The supplemental order is one of several that Manhattan Supreme Court Judge Arthur Engoron has made in the past month requesting that the tax firm Morgan, Lewis & Bockius turn over documents that James’s office has requested as part of its investigation.

The attorney general’s office declined to comment. CNN has reached out to the Trump Organization and Morgan, Lewis & Bockius for comment.

The Trump Organization has previously argued that the documents are protected by attorney-client privilege, but in December, Engoron ruled that “some but all” of the documents requested by the attorney general’s office were privileged.

Engoron wrote that he privately reviewed documents that Trump’s tax attorney Sheri Dillon at Morgan Lewis & Bockius has to turn over, saying that documents he determined were not privileged be turned over by February 4.

“The court finds that many of the communications Morgan Lewis marked as privileged were communications addressing business tasks and decisions, not exchanges soliciting or rendering legal advice,” Engoron wrote in his order Friday.

The status of documents related to a property’s investigated tax abatements has been a point of contention in the case.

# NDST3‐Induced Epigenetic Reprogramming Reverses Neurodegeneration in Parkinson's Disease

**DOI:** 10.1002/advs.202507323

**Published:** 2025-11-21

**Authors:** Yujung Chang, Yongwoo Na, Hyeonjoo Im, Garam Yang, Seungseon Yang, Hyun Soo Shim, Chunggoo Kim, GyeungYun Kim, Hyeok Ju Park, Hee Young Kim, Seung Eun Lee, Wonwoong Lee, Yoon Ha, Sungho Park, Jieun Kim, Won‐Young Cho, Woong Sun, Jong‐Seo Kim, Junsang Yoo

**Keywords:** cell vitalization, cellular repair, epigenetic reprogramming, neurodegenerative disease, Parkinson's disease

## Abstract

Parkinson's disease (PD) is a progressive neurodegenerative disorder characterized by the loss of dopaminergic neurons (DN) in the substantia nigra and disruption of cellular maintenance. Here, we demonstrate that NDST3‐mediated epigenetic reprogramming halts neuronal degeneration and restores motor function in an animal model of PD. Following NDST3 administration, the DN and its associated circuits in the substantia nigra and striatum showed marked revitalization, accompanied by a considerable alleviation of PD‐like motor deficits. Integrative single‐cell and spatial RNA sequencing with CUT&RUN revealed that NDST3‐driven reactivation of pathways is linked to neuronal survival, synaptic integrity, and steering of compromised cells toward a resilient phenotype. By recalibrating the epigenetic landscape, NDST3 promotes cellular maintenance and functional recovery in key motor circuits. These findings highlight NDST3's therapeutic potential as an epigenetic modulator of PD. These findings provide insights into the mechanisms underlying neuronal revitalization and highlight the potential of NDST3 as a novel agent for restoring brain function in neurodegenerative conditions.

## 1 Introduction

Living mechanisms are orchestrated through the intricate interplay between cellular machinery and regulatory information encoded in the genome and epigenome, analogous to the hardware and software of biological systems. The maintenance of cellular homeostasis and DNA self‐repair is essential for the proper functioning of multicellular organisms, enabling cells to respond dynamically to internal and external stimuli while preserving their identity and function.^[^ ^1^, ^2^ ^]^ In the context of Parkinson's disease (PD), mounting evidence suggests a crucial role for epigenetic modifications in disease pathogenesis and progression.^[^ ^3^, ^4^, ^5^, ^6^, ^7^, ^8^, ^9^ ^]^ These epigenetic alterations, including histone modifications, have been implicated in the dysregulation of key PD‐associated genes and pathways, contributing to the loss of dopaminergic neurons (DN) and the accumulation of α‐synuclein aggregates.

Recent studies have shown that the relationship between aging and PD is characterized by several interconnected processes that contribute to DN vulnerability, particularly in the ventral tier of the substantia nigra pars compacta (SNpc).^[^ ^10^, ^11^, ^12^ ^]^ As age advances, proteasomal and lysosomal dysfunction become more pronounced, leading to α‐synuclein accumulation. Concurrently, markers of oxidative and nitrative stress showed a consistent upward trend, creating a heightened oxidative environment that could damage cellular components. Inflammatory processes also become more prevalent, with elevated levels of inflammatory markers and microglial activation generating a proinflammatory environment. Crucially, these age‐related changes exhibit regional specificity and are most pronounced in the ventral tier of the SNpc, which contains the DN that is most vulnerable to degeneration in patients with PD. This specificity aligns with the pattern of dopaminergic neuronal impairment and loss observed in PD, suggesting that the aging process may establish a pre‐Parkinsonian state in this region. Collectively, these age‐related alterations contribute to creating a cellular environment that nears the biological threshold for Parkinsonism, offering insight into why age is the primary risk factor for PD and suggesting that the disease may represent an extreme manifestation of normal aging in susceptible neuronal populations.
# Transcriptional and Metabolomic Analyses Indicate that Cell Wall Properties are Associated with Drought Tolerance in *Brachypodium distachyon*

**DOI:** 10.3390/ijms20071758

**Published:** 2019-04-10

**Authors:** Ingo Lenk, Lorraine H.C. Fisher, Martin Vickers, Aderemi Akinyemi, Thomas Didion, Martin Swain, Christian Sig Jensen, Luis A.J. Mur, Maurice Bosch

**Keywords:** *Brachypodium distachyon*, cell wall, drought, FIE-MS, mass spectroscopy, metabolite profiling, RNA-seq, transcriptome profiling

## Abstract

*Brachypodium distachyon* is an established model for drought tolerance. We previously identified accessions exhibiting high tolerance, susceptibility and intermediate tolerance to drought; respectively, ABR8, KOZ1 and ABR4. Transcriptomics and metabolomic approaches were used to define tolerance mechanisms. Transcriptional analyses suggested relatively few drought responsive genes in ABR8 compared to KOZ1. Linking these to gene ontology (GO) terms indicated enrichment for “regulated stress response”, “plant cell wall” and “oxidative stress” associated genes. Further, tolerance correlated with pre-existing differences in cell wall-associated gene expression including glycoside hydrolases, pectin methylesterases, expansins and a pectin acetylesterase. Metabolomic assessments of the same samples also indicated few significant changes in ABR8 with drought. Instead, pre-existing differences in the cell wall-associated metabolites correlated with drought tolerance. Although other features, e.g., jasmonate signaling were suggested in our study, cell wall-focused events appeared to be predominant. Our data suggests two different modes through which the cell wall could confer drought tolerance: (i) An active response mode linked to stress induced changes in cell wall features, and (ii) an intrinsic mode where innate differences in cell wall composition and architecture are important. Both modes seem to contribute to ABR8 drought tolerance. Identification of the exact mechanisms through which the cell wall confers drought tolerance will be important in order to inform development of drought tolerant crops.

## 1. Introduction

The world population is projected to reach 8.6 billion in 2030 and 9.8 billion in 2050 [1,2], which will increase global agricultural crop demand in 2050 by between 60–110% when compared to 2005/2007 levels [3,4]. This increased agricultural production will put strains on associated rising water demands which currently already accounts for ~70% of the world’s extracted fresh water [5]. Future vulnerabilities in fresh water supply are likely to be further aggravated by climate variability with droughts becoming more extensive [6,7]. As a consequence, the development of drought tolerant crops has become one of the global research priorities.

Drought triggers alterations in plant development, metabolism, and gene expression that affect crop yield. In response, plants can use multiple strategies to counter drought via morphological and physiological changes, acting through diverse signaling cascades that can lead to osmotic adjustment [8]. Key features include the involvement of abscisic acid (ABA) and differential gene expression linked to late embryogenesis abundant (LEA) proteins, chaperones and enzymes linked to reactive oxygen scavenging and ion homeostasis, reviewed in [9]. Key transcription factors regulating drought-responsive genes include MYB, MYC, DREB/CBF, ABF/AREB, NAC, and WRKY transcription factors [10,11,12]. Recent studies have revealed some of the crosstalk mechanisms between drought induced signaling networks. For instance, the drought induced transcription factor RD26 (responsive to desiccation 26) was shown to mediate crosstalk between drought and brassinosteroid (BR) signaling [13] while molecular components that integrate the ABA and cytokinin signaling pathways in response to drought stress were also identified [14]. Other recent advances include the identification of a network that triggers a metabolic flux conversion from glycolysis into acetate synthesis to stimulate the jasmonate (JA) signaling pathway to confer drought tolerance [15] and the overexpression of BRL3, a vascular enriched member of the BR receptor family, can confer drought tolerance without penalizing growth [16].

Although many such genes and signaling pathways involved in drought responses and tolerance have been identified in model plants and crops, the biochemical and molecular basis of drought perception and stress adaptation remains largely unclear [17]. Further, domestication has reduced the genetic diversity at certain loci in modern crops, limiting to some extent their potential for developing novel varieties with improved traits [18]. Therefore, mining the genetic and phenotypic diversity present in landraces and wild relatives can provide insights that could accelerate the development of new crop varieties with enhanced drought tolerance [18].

Amy Carlin, an attorney for the Trump Organization, argued last month that the company had “every expectation that those communications would be confidential,” regarding discussions about a property in Westchester County involving an engineer.

The attorney general’s office argued that the documents were not privileged, in part, because the Trump Organization had “waived privilege” when it disclosed certain documents to the IRS to “gain benefit,” said attorney Eric Haren with the attorney general’s office.

Haren said that “literally everything other than the final appraisal value” was not disclosed to his office.

James’ office has been investigating Trump and the Trump Organization since 2019, when Trump’s former attorney Michael Cohen testified before Congress that the former President’s annual financial statements inflated the values of his assets in order to secure favorable loans and insurance coverage, but deflated the value of other assets in order to reduce real estate taxes.

CNN’s Caroline Kelly contributed to this report.